As @DavidRicherby said, just "rainfall" would be more natural than "rainfall activity."
Sentence 1 – in
The rainfall has gone down in the past two days.
This means that, at some point in the previous two days, the volume of rainfall has decreased. There is no indication of whether it decreased gradually over the two days or not.
Sentence 2 – over
The rainfall has gone down over the past two days.
This sentence has at least two meanings that I can see:
That the amount of rain that is falling has, over the past two days, decreased; or
That, in comparison to the volume of rain that fell in some other time frame, the volume of rain that fell over the past two days was less.
Here's an example for the second meaning:
On Monday and Tuesday we measured 15mm of rainfall. On Wednesday and Thursday we measured 10mm of rainfall. Today is Friday, so the rainfall has gone down over the past two days.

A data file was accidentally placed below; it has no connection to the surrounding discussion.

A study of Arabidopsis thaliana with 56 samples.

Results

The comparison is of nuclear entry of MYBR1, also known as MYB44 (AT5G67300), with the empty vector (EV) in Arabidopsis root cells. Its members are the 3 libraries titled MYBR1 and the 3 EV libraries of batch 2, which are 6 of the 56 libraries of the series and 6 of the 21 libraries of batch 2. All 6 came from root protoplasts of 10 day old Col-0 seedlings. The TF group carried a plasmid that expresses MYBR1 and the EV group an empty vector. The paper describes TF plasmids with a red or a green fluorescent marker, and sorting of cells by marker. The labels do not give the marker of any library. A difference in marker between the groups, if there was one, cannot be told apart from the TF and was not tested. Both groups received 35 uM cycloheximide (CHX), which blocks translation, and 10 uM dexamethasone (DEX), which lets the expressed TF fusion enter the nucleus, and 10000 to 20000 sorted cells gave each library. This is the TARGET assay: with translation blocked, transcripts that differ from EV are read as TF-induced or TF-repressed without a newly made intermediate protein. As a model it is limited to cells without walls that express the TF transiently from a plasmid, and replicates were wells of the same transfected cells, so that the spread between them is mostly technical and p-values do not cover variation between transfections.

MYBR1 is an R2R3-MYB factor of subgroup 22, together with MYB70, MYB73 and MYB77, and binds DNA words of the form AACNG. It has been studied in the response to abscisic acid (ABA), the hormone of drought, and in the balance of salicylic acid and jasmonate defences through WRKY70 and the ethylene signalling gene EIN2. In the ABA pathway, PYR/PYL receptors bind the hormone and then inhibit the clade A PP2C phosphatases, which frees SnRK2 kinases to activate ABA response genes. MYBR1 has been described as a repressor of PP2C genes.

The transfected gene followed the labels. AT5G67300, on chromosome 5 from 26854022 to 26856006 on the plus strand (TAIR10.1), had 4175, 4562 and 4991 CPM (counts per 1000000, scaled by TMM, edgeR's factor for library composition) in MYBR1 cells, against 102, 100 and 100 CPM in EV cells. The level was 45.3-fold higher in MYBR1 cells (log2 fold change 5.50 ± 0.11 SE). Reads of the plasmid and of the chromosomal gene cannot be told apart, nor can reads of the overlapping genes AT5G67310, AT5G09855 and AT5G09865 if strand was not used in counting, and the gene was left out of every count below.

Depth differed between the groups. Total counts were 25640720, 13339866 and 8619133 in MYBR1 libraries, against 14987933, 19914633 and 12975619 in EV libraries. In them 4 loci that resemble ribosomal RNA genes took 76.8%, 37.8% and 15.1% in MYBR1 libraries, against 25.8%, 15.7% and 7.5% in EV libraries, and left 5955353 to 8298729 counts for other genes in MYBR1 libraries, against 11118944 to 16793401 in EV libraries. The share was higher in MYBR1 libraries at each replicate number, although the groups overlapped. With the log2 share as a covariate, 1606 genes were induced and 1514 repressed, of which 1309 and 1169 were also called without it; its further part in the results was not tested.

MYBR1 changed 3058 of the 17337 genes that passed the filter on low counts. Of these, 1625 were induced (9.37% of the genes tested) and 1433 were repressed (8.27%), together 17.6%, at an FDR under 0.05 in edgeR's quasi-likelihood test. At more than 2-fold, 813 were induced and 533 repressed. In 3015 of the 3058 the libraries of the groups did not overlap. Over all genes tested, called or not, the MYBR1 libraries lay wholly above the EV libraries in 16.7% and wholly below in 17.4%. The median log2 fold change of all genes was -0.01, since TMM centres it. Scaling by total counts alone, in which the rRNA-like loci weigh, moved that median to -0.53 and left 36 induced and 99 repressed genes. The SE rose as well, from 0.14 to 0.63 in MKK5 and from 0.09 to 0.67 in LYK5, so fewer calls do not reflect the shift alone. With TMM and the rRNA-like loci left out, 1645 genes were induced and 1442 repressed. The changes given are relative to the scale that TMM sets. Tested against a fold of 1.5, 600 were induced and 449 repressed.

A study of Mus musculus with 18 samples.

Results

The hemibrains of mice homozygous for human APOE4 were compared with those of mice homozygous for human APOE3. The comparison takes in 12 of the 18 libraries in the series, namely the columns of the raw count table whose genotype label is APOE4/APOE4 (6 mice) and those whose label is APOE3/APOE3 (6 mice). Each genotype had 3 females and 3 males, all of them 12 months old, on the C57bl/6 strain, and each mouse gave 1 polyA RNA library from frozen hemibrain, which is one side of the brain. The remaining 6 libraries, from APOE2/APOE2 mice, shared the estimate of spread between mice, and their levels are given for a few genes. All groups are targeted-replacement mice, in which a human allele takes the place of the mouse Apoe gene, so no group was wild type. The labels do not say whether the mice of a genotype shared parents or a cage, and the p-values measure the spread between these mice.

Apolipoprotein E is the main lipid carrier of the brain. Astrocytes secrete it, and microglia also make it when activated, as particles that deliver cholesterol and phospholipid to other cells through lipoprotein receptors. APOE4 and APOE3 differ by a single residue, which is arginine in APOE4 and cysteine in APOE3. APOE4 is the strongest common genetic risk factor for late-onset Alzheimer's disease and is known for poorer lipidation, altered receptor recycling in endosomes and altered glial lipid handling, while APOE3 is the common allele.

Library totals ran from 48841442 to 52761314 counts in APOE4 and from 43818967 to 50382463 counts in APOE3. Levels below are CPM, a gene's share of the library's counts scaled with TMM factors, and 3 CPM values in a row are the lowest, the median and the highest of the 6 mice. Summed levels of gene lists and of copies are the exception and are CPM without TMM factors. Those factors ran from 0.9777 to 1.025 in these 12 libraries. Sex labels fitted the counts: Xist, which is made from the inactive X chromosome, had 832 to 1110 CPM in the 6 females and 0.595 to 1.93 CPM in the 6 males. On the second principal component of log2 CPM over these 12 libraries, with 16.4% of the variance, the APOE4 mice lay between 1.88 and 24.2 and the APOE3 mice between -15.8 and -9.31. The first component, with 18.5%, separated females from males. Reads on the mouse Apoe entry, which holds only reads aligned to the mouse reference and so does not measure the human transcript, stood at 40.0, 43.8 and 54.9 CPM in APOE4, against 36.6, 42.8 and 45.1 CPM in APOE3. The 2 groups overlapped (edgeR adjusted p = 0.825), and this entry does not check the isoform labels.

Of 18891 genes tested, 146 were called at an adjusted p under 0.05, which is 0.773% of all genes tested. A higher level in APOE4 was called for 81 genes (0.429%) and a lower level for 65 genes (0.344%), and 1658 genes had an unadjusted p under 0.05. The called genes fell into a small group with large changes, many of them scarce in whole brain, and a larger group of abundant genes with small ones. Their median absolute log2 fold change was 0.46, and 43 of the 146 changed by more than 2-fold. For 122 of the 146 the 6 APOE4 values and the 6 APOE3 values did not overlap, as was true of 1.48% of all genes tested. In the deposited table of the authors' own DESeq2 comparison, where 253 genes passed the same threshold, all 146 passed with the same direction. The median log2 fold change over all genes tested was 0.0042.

Sentence 3 – for
The rainfall has gone down for the past two days.
This has a similar meaning, but to me it has different connotations. It means that the volume of rainfall has gradually decreased, but it also implies that multiple measurements were made over the course of the two days and at each measurement the volume had decreased.
Sentence 4 – during
The rainfall has gone down during the past two days.
This sentence doesn't sound natural to me. It would certainly be understood, but it doesn't sound natural. However, this may just be a dialect difference between British and American English. If we use Google Ngram Viewer, we can see that "during the past two" used to be significantly more common in American English than it was in British English:
Using over is the safe option, since in both cases during is declining in usage. However, it does appear that during is correct.